Lena and I recently spent a week and a half in Arizona, for a designer’s conference on Adobe’s software products. She’s gone to a zillion cons for me, selling books, and it was high time I returned the favor.
I got stopped and searched in the Jacksonville Airport, as I do every time. Why? I’ve heard differing theories. My name is similar to someone on a list, I have a beard, They have a quota and I’m always acting nice enough that they figure I won’t kick up a fuss (that one from an actual TSA worker), but my favorite thought is that some unfulfilled security theater employee whose marriage has grown stale, just can’t get through the morning without a cup of dese nuts.
Because I want to make people happy.
Once we made it to Arizona, people began offering us bottles of water. People everywhere. Constantly. At first it was funny. Then it was weird. Then we went outside and Lena had a realization.
“Hey. I think they just don’t want us to die.”
Florida heat is akin to being boiled alive, the way nature intended. The actual temperature is a lower, but the humidity makes it feel way hotter, and you can’t escape it without refrigerating yourself. Arizona heat is more like being baked—but as long as you’re not in direct sunlight you won’t catch fire. By the third day I came to the realization that ninety-five degrees was pretty damn comfy.
The conference happened at the Wild Horse Pass Grand Sheraton Resort (Fancy!), in the Gila River Indian Community, home of the Akimel O’otham and Pee-Posh tribes. This places it in the Sonoran Desert, which is an astoundingly beautiful place. With rabbits.
Lots and lots of rabbits.
We rode horses (dodging the rabbits) and kayaked down the on-site recreation of the Gila River, walked nature trails and identified an insane amount of wildlife that we’d never seen with our own eyeballs before. I catalogued fifty-five birds, rodents, insects, lizards, snakes, and Large Mammals during our stay, and gave the camera on my phone a strenuous workout. (Three hundred eighty photos, after deleting the duplicates. Come on over and watch the six-hour presentation!)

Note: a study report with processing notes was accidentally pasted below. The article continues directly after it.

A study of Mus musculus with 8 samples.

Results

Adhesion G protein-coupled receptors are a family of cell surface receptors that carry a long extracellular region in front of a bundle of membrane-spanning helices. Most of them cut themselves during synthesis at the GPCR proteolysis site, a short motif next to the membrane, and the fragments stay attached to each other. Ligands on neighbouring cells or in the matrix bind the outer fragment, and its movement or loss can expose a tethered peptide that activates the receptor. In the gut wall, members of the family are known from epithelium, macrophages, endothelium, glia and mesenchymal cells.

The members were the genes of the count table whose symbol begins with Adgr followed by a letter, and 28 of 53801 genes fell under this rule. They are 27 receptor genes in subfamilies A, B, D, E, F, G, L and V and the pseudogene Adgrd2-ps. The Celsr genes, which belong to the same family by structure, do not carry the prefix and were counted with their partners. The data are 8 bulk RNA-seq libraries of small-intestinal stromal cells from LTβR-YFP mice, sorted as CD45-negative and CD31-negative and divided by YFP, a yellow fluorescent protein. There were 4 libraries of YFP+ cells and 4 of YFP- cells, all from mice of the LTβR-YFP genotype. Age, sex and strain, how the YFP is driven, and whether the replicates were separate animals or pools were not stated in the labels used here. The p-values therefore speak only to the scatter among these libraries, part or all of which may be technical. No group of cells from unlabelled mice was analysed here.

We hung out at the pool with some more rabbits, visited the casino, talked with everyone we could, and of course drank two hundred + gallons of water a day. I’d make a terrible fremen.
AUTHENTIC cowboy hats bear a striking resemblance to safety helmets.
I think the hardhat industry owes someone some money.We noticed a few funny things while talking to all these folks. The resort employees were all wonderful folks. Kind, generous with their time, and informative. But they would not correct me when I got something wrong, and they talked around certain historical facts that might have upset a Lesser White Man. I get it though. Why take a chance disturbing guests when you can just avoid talking about it?
Now the non-resort people we talked to were a little different. That was a goddamn history lesson and was refreshingly blunt every time it happened. The Akimel O’otham and Pee-Posh were diligent and effective farmers, with broad agricultural knowledge and the ability to irrigate vast stretches of desert with canals from the Gila River system. Once the white guys realized what wonders could be made, they diverted the river before it hit the reservation and made their own oasis, destroying the tribes’ livelihoods and ability to feed themselves.
And given that kind of history, why would you bother correcting someone who thought a ground squirrel was a prairie dog? (We figured it out eventually.)
In the end this was the very first hotel experience I’d ever had where I was kinda sorry to be heading back home. There was always stuff to do, the food was top-notch, and the staff were more than delightful. Everyone involved should be proud of what they and all the rabbits have accomplished there.
Recent water rights agreements have allowed the Akimel O’otham and Pee-Posh to recover a large portion of what was taken, and life has genuinely blossomed in that desert. It’s everywhere and thriving and frankly fucking miraculous.
Oh …that’s why they give everyone water.